The "breakneck coalition" has hit another bump in the road. David Cameron has bowed to the inevitable and put the government's NHS bill on hold for the next three months while ministers agree on the way forward.
The announcement of a delay will be made at a joint event later this week involving Cameron, Andrew Lansley and, notably, Nick Clegg, whom the PM is determined to bind in to the changes.
It remains unclear whether the delay is merely part of a "listening exercise" or a prelude to significant concessions on competition, the role of the private sector and GP accountability. What we won't see is a U-turn akin to that on forest privatisation. Cameron is too personally committed to the reforms to change course now. The shadow health secretary, John Healey, has rightly warned that "simply doing the wrong things more slowly is not the answer".
The Lib Dem opponents of the reforms, led by Evan Harris, issued a list of "essential amendments" last night, described as "the minimum" needed to satisfy the party's members. Of the 23 proposed amendments, here are the most significant:
Elected councillors to sit on GP consortiums
"Membership of local commissioning bodies to include a substantial proportion of elected councillors as per Coalition Agreement to improve transparency and accountability."
Piloting of the reforms
"The changes to commissioning to be piloted and evaluated before full roll-out."
A ban on "cherry-picking" by the private sector
"Commissioning to be governed by a requirement/duty on commissioners, when considering contracting with any new provider – or offering the choice of a new provider – to be satisfied that broader service stability is safeguarded and that cherry-picking and cream-skimming are avoided."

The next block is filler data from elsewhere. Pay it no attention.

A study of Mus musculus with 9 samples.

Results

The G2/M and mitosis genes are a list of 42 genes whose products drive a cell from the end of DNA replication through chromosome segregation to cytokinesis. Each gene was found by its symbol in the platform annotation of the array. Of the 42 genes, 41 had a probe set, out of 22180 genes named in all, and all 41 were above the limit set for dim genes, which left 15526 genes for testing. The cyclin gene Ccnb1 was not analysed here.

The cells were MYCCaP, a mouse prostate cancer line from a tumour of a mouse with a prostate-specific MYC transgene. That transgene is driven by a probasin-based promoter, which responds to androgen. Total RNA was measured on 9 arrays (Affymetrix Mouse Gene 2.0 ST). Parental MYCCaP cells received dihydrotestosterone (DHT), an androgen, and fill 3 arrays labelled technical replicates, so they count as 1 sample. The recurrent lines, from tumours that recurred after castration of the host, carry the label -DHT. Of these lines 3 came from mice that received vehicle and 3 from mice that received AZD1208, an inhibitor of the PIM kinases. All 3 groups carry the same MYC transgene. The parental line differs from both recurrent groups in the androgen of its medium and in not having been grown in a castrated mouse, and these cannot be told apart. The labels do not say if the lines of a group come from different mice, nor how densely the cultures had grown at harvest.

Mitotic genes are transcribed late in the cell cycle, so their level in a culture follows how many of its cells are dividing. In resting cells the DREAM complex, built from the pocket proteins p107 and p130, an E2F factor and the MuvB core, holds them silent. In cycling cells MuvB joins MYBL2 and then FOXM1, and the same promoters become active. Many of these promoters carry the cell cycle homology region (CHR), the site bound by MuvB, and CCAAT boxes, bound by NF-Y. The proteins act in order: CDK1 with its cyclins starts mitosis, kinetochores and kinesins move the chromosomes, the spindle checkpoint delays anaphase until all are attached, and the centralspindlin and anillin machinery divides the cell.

Constraints on EU competition law
"Statutory provision to ensure that provision of clinical services to the NHS is not governed by current EU and UK competition law to a greater extent than is the case now. In particular to provide that vertical integration of services is not impeded by competition law."
Lansley, who has already given ground on price competition, is thought to be willing to agree to restrictions on "cherry-picking" and on the role of the regulator Monitor. The government had originally hoped to make changes to the bill in the Lords but, under pressure from Clegg, it is now likely to do so in the Commons. The principles of the bill, ministers insist, will remain in place.
In an attempt to seize the initiative, Ed Miliband will offer cross-party talks to develop "replacement plans" in a speech this morning. Cameron may dismiss the Labour leader as a "roadblock", but he has handed him the sort of opportunity that opposition leaders dream of.
Lansley's technocratic style means that the coalition has allowed the reforms to be defined by the media. As a consequence, it will struggle to convince a sceptical public that the changes are "practical" as opposed to ideological. With the coalition's higher education plans also in chaos, ministers have been taught a salutary lesson in the perils of hasty reform.